Bloomberg the Company & Products

Bloomberg Anywhere Login

Bloomberg

Connecting decision makers to a dynamic network of information, people and ideas, Bloomberg quickly and accurately delivers business and financial information, news and insight around the world.

Company

Financial Products

Enterprise Products

Media

Customer Support

  • Americas

    +1 212 318 2000

  • Europe, Middle East, & Africa

    +44 20 7330 7500

  • Asia Pacific

    +65 6212 1000

Communications

Industry Products

Media Services

Follow Us

Ore Cargoes From Sierra Leone Seen Unsafe by Insurer

Don't Miss Out —
Follow us on:

(Corrects to say West African in second paragraph.)

Oct. 26 (Bloomberg) -- Iron-ore exports from Sierra Leone may be unsafe because the moisture content of the steel-making commodity is too high, creating the risk some shipments may liquefy during transit, the London P&I Club said.

There’s no equipment in the West African country that can sample cargoes to check whether they exceed international moisture limits for safe transport, the club, a ship owners’ association that provides protection and indemnity insurance, said by e-mail today.

“Ships are being offered iron-ore cargoes for loading in Sierra Leone which are unsafe,” the club said, citing cases received from Brookes Bell LLP, a marine consultant it hired. “Limited local expertise and technology, together with poor communications, are exacerbating the problems.”

Dry-bulk commodities with excessive moisture content can liquefy and turn to slurry during voyages, causing vessels to capsize. A total of 66 seafarers between December 2010 and February 2012 died after vessels sank after cargoes of nickel-ore liquefied, according to the London-based International Association of Dry Cargo Shipowners.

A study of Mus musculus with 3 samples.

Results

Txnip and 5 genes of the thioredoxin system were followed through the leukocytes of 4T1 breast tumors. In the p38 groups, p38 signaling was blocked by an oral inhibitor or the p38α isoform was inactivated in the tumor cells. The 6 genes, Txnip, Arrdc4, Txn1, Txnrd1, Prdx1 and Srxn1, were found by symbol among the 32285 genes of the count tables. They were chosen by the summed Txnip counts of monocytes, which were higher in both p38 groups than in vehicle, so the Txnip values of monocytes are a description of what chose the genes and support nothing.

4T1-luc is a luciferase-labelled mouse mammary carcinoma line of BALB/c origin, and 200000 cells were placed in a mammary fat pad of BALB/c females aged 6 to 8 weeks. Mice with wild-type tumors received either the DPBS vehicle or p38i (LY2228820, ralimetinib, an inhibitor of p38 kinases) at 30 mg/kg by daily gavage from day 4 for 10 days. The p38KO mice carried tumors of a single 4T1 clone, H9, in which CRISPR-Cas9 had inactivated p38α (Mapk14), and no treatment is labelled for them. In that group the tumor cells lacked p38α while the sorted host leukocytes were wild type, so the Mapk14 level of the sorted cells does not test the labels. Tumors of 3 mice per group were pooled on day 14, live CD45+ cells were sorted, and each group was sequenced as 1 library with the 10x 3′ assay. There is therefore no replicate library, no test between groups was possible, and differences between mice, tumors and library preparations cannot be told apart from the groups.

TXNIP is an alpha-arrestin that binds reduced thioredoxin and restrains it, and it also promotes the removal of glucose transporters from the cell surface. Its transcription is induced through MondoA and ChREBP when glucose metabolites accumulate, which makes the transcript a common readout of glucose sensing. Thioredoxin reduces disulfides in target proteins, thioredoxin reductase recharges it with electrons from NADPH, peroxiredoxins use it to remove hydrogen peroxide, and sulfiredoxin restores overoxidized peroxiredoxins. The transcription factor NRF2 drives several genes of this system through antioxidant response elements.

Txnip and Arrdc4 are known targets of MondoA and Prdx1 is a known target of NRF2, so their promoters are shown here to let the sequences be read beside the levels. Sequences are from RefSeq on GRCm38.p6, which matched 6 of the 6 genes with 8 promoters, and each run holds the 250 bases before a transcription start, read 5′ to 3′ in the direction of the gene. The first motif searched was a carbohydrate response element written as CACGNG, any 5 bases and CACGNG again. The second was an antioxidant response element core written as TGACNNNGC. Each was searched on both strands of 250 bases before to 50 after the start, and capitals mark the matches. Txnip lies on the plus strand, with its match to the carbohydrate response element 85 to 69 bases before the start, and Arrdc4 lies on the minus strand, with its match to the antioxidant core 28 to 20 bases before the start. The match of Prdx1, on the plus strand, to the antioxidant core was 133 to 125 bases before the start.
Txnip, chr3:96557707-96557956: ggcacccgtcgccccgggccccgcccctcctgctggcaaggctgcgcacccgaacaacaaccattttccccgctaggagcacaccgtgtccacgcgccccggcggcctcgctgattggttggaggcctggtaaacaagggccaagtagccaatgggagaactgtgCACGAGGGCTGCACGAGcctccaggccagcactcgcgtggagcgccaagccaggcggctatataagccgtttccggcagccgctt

Two shippers have resumed exports of iron ore after a 10-year civil war ended, the London Club said. Surveyors had to use the oven in the ship’s galley in one case to try and determine the moisture content of one cargo, it said.

China imported 609,136 metric tons of iron ore worth $64.4 million from Sierra Leone last month, according to Customs data compiled by Bloomberg.

To contact the reporter on this story: Michelle Wiese Bockmann in London at mwiesebockma@bloomberg.net

To contact the editor responsible for this story: Alaric Nightingale at anightingal1@bloomberg.net

Please upgrade your Browser

Your browser is out-of-date. Please download one of these excellent browsers:

Chrome, Firefox, Safari, Opera or Internet Explorer.